A big weekend of paddling has finished up for the Australian Canoe Kayak Team at the World Championships in Szeged, Hungary.
With both the Canoe Sprint Team and Paracanoe team competing for Olympic and Paralympic qualification there was a lot on the line. Four paracanoeists locked in slots for Tokyo with Curtis McGrath also defending his two World Championships in the men’s KL2 200 and VL3 200 making it nine and ten World Championships. This was on a special weekend which marked the seven-year anniversary of his survival of an IED blast in Afghanistan.
Dylan Littlehales claimed another spot for the para team with a fourth-place finish in the men’s KL3 200. Missing out on the podium by only 0.09 seconds, Littlehales said “I’m happy with my performance. It wasn’t the result I was aiming for, but you can’t control what everyone else does and I went out and had a great race, did a good time and just missed the podium but that’s a part of sport. Most importantly, I got the Paralympic quota to end a successful year.”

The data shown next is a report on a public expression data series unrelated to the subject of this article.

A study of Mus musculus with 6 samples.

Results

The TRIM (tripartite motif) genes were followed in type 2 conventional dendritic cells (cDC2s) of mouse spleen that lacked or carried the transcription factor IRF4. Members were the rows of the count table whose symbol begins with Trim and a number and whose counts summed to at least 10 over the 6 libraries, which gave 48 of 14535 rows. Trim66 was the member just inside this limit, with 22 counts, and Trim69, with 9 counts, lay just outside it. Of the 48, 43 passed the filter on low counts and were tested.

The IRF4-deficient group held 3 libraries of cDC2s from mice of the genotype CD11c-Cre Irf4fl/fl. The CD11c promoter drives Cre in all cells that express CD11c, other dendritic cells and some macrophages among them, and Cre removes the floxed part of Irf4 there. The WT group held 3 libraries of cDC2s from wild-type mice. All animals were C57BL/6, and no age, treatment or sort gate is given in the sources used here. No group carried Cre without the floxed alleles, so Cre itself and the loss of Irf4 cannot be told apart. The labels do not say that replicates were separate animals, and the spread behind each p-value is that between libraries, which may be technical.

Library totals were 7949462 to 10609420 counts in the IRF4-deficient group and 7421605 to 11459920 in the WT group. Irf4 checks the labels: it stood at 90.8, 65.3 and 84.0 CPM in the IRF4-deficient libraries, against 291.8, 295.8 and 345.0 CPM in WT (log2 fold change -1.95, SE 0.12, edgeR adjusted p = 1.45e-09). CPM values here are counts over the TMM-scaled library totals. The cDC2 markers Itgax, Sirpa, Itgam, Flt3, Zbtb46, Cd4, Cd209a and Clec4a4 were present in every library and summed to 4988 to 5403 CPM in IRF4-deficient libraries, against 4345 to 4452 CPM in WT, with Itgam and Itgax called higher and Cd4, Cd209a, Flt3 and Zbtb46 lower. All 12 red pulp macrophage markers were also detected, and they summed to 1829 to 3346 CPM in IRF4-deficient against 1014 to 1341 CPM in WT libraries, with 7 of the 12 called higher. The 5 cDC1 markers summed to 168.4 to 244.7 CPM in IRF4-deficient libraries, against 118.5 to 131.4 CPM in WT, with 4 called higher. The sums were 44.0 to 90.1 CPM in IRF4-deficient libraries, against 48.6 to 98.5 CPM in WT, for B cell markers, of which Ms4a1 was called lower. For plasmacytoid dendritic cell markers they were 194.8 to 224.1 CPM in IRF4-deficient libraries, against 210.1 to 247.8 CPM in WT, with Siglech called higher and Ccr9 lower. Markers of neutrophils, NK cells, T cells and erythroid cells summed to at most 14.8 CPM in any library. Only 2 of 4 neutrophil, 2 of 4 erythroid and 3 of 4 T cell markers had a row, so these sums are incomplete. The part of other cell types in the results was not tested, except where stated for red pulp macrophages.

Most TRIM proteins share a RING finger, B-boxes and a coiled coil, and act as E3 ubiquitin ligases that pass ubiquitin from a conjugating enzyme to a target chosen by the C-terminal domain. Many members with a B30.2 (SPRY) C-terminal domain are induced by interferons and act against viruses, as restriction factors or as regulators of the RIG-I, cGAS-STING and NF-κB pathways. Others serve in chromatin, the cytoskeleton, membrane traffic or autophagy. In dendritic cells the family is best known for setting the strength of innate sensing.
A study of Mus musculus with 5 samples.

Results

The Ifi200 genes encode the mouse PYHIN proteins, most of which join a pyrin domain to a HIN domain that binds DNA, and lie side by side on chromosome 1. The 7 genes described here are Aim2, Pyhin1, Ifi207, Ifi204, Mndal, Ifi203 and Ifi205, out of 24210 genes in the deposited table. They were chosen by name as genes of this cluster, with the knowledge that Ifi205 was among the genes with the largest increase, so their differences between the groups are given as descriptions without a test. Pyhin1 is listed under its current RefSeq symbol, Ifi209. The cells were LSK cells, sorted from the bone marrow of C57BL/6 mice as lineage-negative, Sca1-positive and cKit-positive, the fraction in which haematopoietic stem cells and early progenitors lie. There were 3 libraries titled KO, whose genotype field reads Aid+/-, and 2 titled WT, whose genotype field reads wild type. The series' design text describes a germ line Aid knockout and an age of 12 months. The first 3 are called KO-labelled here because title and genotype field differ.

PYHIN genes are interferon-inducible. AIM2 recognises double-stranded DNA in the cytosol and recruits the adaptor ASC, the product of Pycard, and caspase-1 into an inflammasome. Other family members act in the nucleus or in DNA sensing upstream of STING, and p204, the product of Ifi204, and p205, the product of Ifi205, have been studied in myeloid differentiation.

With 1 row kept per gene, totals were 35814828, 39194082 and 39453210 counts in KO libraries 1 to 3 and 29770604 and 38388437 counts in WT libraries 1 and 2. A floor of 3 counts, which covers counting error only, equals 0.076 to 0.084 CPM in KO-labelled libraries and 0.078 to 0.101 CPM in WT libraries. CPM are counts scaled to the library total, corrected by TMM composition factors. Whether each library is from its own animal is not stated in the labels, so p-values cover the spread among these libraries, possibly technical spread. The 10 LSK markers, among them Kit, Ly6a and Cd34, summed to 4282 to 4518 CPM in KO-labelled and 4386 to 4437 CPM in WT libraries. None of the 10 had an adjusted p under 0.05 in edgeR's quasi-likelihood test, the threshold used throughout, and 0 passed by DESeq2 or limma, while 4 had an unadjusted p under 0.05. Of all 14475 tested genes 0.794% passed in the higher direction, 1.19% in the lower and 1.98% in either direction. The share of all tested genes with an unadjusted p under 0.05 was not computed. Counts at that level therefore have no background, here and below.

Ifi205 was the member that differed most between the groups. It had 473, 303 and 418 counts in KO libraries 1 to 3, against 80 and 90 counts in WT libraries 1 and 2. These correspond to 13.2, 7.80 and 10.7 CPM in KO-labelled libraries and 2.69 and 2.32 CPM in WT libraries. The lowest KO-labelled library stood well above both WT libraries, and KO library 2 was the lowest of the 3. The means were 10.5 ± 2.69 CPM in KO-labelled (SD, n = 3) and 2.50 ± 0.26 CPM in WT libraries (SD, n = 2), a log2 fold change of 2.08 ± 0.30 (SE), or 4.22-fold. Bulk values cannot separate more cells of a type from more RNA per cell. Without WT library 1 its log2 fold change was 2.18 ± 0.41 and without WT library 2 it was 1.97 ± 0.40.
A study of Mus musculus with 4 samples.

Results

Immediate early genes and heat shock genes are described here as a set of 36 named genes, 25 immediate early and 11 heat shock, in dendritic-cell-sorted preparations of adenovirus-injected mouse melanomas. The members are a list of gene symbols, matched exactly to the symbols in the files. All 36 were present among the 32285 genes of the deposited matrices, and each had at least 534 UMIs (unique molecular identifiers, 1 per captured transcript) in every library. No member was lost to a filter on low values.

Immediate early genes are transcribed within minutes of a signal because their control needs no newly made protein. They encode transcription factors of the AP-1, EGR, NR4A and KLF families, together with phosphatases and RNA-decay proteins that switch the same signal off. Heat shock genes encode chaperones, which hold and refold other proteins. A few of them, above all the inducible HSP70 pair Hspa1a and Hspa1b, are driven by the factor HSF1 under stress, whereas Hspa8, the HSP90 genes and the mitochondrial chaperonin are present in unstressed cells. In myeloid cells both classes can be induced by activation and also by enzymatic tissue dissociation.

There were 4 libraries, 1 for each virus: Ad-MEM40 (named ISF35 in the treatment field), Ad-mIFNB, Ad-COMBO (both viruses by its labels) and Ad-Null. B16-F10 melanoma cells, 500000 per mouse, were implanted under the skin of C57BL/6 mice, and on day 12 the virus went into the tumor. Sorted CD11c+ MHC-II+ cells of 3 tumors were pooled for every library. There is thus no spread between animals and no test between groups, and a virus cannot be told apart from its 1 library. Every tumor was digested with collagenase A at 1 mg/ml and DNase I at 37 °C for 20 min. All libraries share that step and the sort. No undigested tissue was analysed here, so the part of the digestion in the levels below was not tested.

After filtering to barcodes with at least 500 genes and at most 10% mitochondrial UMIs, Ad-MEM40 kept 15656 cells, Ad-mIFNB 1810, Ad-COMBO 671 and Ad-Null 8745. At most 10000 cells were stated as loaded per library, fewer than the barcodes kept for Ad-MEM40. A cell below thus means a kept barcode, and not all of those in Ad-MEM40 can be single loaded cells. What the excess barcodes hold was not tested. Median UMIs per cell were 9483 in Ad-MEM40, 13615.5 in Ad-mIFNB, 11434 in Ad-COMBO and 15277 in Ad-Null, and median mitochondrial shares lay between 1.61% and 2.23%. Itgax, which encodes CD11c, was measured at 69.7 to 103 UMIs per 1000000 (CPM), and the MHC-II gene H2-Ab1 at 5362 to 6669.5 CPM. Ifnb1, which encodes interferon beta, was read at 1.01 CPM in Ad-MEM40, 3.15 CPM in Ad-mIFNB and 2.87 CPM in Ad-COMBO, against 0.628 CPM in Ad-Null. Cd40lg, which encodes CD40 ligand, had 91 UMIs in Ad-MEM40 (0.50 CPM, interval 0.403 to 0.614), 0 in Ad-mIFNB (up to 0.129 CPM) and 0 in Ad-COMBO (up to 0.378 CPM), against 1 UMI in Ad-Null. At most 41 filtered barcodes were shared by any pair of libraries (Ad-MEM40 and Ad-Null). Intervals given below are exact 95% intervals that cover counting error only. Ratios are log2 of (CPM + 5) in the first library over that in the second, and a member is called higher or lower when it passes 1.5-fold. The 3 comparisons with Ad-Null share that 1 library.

Susan Seipel secured results in the women’s VL2 and KL2, winning silver and bronze respectively and secured another spot in Tokyo for the para team. Amanda Reynolds managed to lock in the fourth spot for Australia with a seventh place in the women’s KL3. This was outside the top six qualifying boats, but two British boats in the top six meant Australia followed as the next highest ranked country to qualify. The four qualified spots mean that the four Australian paracanoe athletes will be able to compete in six Para events in Tokyo. At the same time the Sprint Canoe team secured Tokyo spots thanks to the men’s and women’s K4 and men’s K2. Jordan Wood and Riley Fitzsimmons took it to the best pairs in the world and finished fifth, securing qualification for 2 athletes to head to Tokyo. The men’s K4 bounced back after missing out on the A final by winning the B-final and claiming spots in Tokyo. The women’s K4 who made their A-final placed seventh matching their performance from last years World Championships and securing more tickets to Tokyo.
776BC athlete Alyce Burnett said “We got seventh, and we were happy with our race, but we would have preferred to be much higher.” With the spots to Tokyo now booked the athletes look to securing their individual spots in the Australia Olympic team before they come together again to train for their team events with their sights full set on success in Tokyo.